Tuesday, March 11, 2008


It's impossible to perfectly replicate a game of pool on the PC - enough complexity to satisfy someone who regularly plays the real thing inevitably results in an overly complex and thoroughly unwieldy set of controls. FooBillard manages to reach a near perfect balance, offering most of what you'd want in a game of pool but also offering simplified systems that allow for the best of both worlds.

This is not to say it's not occasionally clunky, although if you want to play without utilizing english or using the mouse to set the velocity of your shots, it's pretty streamlined. Rotate around the cue ball until the dotted line indicating the ball's path is where you want it to be, adjust the power via a slider bar, and hit the space-bar. Repeat.

If you want to add english to your shot, however, you've got to switch camera modes. Then hold down 'shift' while also holding down the right mouse button, and you can alter where the cue will strike the cue ball. It's not intuitive, but it becomes natural after just a few games.

If you prefer an analog system for making shots, you must be in the same camera mode. This time you hold down 'ctrl' and the left mouse button, moving the mouse down to pull back on the cue, and then back up, determining in the process how hard you strike the ball. It works well enough, but there's no way to aim the direction of shot in this camera mode, so you'll end up switching back and forth at the end of each shot, which is a bit of a drag.

Even that becomes second nature after a bit, and it's a good system, offering as much control as you could want if you're willing to take the time to adjust to it. Clunky systems of input have been around since Rogue, if not longer, and this is at least a case of a necessarily clunky system that has been streamlined as well as can be expected.

The physics are generally great, for the balls that the cue-ball hits, but the cue-ball itself doesn't seem to behave quite like they do in real life, after it impacts a ball. It sort of feels like it's not losing as much kinetic energy as it should in the impact, and bounces around a lot more than it should. I'm not an expert at pool, however, so it's possible I'm just imagining it. Either way, taking it into account wasn't a problem, and outside of that one quibble, everything has a very good feel to it.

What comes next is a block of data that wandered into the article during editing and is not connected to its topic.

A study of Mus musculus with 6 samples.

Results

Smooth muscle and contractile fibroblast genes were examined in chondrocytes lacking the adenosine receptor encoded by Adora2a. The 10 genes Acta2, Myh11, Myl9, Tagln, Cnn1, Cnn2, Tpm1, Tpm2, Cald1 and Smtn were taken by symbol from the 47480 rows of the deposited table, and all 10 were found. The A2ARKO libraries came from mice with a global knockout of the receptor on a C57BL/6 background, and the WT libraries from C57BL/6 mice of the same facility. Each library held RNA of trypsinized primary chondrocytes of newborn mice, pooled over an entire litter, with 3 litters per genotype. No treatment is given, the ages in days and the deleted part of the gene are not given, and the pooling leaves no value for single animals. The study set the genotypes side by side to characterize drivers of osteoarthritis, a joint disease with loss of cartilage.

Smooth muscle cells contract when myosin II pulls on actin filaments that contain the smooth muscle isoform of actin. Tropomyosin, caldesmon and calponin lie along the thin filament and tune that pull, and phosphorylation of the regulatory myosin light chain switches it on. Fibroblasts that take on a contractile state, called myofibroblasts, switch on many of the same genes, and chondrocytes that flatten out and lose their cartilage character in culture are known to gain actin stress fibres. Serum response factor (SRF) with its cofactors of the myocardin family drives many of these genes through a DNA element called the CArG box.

The inevitable graphics paragraph: the graphics look nice, if not overly impressive. At 1024x768 in full-screen, with all the highest detail settings, it performed well on my machine but didn't seem to look quite as slick and perfect as BillardGL did. BillardGL was missing virtually all of the features necessary to make it a decent game, however, so any tiny points it gets for slightly better graphics don't matter in the long run.

There is no music, and the sound is just what you'd expect it to be. Clickin' and clackin' as the balls strike. No more, no less. Nothing more needed, or even expected, so all is well here.

Though I didn't test it, it features networked as well as local multiplayer. Unfortunately, I couldn't get the AI player to work, so it suffers a bit as a single-player game. The key to toggle between AI player and human player never seemed to change anything, nor did the 'AI shot suggestion' key, although pressing the latter did prevent me from actually making a shot. It's possible I just didn't understand how the system worked.

There are actually four pool games on offer in FooBillard: 8-ball, 9-ball, carombol, and snooker. I only played the former two, as I wasn't familiar with the latter games. One minor detail that was a bit odd: in 8-ball, it didn't always rack the balls properly.

Rather than having a solid at the top of the pyramid, it was often a striped ball, and sometimes it didn't follower the alternating-stripes-and-solids-around-the-perimeter rule, as a result. The eight was always in the proper spot, so I suppose it doesn't matter much in the long run, and it's possible that in Germany (where they do, in fact, spell the game 'billard') the rule is different.

FooBillard is unquestionably superior to BillardGL and very much a playable game. I had fun with it. It's pretty to look at, with a solid physics engine, and offers the flexibility of a fully-featured aiming system. Add in the network play, and this is definitely a viable option for those who wish to get their pool game on via some open-source software.